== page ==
The Boy With The Purple Hair

Yesterday the family and I took a little trip to Annapolis Royale on the north shore of Nova Scotia. It’s a 1 and 1/2 hour drive straight across the mainland, through woodland and past signs warning drivers to look out for turtles.
Annapolis is known for its apple orchards, botanical gardens

and the Queen Anne Fortress, which unfortunately is closed for the winter season. We still climbed around on the earthworks and the cannons.

Then we walked around the town admiring the beautiful architecture.

Here is the Queen Anne B&B; (Wowza, right?!)

We also visited the local bookstore, The Mad Hatter, which sells books and leather clothing (a combination which is surprising but apparently does very well for the owners) and the pub, and the kids played for hours in a waterfront park while my husband and I basked in the sun. Oh yeah, it’s been mid-60’s here the last few days. Glorious sunny, blue-skied weather.

I wondered, as I often do (being the mother of two youngsters) what it is like to grow up in a sleepy town like this. It is only quiet in the down season between October and April. During the summer months it attracts a lot of tourists.

We asked a couple of teenagers who were leaning against a chain link fence where the best coffee in town was.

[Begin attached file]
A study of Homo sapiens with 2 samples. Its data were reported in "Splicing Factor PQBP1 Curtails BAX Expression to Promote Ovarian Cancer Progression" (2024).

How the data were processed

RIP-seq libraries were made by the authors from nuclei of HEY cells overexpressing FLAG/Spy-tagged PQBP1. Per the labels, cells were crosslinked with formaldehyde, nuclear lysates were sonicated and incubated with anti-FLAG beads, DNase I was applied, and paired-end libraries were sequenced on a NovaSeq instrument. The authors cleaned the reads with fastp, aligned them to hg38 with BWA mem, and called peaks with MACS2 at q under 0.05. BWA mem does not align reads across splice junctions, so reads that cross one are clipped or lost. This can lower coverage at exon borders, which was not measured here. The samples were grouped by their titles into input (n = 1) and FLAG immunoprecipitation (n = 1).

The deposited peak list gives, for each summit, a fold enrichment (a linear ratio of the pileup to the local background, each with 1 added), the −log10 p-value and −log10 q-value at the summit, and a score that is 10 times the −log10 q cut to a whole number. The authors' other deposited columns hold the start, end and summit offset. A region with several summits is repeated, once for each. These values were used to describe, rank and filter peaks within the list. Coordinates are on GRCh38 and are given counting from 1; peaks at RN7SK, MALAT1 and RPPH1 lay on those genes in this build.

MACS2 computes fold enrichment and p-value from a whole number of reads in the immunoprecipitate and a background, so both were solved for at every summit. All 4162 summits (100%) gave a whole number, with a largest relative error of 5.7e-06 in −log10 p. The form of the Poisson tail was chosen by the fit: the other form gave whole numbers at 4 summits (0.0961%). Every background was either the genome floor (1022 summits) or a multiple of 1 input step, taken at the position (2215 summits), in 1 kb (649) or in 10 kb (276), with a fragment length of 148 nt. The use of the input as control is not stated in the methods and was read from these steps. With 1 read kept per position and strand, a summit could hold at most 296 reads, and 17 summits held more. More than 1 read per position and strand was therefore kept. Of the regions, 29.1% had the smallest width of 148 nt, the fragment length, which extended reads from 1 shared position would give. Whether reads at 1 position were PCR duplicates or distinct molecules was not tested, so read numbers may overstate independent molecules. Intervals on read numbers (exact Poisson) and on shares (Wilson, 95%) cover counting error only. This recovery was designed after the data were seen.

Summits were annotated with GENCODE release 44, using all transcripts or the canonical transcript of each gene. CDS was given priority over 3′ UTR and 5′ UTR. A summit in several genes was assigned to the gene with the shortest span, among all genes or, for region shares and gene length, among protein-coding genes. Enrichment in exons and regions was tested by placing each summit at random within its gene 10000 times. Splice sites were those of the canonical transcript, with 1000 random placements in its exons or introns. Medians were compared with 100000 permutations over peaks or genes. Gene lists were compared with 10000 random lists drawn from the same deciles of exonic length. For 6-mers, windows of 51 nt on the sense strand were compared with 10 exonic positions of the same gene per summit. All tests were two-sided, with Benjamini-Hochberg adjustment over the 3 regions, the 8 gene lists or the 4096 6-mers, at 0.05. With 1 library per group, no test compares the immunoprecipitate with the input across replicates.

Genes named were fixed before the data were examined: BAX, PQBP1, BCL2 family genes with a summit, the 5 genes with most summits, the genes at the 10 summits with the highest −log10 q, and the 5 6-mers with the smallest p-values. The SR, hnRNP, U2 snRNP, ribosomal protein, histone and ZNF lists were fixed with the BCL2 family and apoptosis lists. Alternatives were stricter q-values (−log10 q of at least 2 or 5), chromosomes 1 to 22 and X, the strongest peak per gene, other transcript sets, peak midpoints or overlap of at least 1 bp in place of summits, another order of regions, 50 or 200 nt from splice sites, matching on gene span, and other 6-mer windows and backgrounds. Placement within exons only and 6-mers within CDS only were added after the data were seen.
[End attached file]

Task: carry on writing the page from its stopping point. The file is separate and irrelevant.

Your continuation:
*Teenagers lean a lot.*

They pointed us in the right direction. My 3 year-old was much taken with the boy’s vibrant violet and fuschia hair.
I had already remarked it having sported the same shade when I was younger. I sometimes wish, even now, that I could dye my hair pink or blue rather than the sedate (and natural) colors I’ve adopted in the past couple of years but then I remember what a lot of work it was to bleach it and dye it and maintain it…

We went off in search of coffee and the teenagers went off in search of whatever they were looking for. I saw them again at the fort, the boy’s purple hair blazing like a beacon in the sun, the girl with her black hoodie and backpack reminding me of my niece, and myself, and girls I’ve written books and stories about.

While I waited for the others to come back from a bathroom break I watched the kids weave their way towards the water on the narrow meandering paths and I wondered what they were talking about, if they dreamed of big cities, if they were bored, unhappy, happy, glad they had each other (because I could tell they were great friends), stifled, squirmy, dying to grow up and move, or just sort of OK with it all and the pace at which they were getting older.

And I thought of how they were the same as me and different from me and I wanted to be able to eavesdrop on their conversations or sit down with them and ask them a thousand questions about how they felt, what they thought about or dreamed or hoped or expected. And if I could have approached them without freaking them out and making them roll their eyes and wonder why I was so interested, I would have.

I felt myself getting teary-eyed, just watching them. I don’t really know why. Maybe because I hope they know that no one can really keep them from doing whatever it is that they are dying to do. Or that they realize ‘different’ is cool. Or maybe because I was superimposing the way I felt at 15, 16, 17 onto them.

All I do know is that they and all the memories they bring up are the reason I write YA. Why I love to write it. Because I truly don’t think there is any other time in life where there are so many questions, so many emotions, so many possibilities, so much time devoted to figuring out the world and our place in it.